OTTAWA, Oct. 24 (UPI) -- There is no link between a gunman who attacked the Ottawa, Canada, Parliament and Islamist groups in the Middle East, Canada's Foreign Minister said.
John Baird said Michael Zehaf-Bibeau, the Canadian citizen who shot and killed a soldier at Ottawa's War Memorial before entering the Parliament building armed, is thus far not connected with the Islamic State.
Zehaf-Bibeau was shot to death by the parliamentary Sergeant-at-Arms as legislators hid in locked rooms and Prime Minister Stephen Harper was escorted from the building.
Baird told the British Broadcasting Corp. Zehaf-Bibeau was "certainly radicalized" by jihadist thinking, but was not regarded a high-priority risk.
No Islamist group has taken responsibility for Wednesday's attack.
Baird added he is most concerned "tremendously concerned about the number of Canadians who are radicalized and are fighting in Syria or Iraq, but we don't have any evidence to link the two at this stage."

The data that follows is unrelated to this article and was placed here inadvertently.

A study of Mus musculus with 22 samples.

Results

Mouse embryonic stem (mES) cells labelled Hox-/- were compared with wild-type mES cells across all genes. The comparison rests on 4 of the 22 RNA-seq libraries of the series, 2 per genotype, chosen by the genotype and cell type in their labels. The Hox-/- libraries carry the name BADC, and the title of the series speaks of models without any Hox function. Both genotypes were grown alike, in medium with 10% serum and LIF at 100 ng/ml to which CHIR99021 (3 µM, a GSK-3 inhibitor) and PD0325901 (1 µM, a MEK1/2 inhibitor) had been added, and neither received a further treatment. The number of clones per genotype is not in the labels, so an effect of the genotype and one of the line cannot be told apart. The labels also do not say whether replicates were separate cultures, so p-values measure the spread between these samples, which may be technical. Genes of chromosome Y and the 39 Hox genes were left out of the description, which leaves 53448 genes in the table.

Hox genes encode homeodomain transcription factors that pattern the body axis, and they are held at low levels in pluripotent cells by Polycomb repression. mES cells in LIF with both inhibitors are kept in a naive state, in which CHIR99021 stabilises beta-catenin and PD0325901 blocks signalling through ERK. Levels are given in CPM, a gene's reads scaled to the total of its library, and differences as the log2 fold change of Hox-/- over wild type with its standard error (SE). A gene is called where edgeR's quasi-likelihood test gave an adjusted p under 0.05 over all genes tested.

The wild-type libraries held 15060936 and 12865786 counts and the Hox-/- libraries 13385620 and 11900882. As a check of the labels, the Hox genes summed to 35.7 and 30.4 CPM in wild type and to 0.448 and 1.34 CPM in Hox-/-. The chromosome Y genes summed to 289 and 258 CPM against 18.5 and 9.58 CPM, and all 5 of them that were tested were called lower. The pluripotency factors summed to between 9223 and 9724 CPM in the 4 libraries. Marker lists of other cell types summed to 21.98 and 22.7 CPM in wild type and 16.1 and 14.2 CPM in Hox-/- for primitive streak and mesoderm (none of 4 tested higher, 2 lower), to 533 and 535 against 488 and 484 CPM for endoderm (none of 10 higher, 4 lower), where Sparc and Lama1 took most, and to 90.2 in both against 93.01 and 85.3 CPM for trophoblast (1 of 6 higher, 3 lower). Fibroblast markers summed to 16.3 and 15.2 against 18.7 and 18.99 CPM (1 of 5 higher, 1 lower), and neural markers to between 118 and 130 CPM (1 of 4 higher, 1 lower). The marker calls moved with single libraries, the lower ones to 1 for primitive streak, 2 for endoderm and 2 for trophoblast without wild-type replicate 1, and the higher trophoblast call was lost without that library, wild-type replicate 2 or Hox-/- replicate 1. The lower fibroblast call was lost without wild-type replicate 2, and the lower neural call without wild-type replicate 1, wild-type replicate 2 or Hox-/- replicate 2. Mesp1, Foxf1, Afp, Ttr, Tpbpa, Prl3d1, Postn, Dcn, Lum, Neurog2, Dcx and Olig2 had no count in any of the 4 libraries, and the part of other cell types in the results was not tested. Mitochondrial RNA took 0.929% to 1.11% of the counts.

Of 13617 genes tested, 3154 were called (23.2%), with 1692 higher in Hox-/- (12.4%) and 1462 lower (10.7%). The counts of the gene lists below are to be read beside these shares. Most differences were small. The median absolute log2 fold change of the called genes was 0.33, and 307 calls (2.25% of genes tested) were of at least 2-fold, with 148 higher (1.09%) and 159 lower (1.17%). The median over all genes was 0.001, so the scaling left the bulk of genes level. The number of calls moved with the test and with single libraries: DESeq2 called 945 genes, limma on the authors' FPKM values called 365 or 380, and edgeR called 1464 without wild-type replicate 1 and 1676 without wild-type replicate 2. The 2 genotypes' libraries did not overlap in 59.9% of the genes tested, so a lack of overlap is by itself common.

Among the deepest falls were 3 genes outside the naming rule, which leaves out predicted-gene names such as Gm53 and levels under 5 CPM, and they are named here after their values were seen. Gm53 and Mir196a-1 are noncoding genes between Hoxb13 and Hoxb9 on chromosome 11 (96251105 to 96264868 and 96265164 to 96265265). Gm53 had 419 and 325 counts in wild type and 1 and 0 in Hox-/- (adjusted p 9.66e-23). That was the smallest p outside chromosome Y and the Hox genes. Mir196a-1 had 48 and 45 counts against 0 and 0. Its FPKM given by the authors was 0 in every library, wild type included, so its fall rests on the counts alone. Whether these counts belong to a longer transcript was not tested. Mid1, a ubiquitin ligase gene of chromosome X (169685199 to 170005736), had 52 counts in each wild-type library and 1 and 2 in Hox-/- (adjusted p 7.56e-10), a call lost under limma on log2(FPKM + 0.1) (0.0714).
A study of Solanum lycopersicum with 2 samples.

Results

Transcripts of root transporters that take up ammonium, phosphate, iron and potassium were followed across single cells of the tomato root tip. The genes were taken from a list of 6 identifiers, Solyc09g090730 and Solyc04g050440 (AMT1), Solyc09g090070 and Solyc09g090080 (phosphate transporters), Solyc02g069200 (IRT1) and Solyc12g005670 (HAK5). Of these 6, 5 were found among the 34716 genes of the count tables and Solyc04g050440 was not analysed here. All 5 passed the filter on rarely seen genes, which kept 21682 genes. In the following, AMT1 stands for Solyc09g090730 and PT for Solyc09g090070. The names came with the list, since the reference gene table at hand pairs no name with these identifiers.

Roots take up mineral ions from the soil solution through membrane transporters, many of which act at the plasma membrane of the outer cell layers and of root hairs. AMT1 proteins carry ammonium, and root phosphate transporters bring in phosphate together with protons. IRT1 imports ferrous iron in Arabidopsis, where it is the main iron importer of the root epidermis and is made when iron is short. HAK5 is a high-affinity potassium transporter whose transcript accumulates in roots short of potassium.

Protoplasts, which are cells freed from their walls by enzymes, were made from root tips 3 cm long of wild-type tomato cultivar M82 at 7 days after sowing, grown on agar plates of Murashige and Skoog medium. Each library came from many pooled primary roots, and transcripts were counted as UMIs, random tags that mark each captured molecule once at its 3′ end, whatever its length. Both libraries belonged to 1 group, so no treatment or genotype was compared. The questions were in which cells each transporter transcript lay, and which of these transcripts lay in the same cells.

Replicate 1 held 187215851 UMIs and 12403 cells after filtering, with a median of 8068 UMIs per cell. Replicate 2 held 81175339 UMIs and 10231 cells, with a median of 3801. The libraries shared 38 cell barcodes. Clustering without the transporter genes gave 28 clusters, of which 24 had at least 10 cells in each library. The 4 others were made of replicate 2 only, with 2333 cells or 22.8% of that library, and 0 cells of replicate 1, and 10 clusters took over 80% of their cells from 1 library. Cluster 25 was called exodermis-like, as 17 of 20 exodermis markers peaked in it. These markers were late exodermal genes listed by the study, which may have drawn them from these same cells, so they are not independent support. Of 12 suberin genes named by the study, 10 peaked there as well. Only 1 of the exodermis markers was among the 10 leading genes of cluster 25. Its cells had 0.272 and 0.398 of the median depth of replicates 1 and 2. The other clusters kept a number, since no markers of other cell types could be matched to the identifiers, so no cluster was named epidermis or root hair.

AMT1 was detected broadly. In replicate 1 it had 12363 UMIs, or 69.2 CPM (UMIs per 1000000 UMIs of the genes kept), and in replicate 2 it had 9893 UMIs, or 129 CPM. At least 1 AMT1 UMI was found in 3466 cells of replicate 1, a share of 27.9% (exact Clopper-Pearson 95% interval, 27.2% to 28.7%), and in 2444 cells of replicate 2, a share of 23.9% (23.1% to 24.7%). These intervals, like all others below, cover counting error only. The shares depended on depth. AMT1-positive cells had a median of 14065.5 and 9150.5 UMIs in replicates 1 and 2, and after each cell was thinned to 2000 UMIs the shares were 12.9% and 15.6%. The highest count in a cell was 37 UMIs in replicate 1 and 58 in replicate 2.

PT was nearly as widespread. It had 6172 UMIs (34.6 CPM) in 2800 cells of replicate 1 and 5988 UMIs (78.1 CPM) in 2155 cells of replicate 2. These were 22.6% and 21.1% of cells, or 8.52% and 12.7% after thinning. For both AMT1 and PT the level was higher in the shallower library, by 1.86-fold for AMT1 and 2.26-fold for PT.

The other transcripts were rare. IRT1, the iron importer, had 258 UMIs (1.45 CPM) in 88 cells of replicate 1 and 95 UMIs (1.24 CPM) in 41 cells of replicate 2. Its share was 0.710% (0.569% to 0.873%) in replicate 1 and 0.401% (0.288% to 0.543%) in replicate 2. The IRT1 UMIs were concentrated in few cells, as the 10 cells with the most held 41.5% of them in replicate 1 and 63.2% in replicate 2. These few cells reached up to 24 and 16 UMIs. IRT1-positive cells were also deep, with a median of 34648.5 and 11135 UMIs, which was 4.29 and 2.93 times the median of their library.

"Reports suggest that well in excess of 100 Canadians have gone to fight jihad in the Middle East and that's a huge concern."
The incident occurred five days after Canada announced a rise in its national threat level and two days after a man, whose background similarly included Islamist radicalization, struck and killed a soldier with his car in a Montreal suburb. Earlier in October, Canada joined the U.S.-led coalition providing airstrikes against the Islamic State in Syria and Iraq. It currently has six fighter planes involved in the coalition strike force.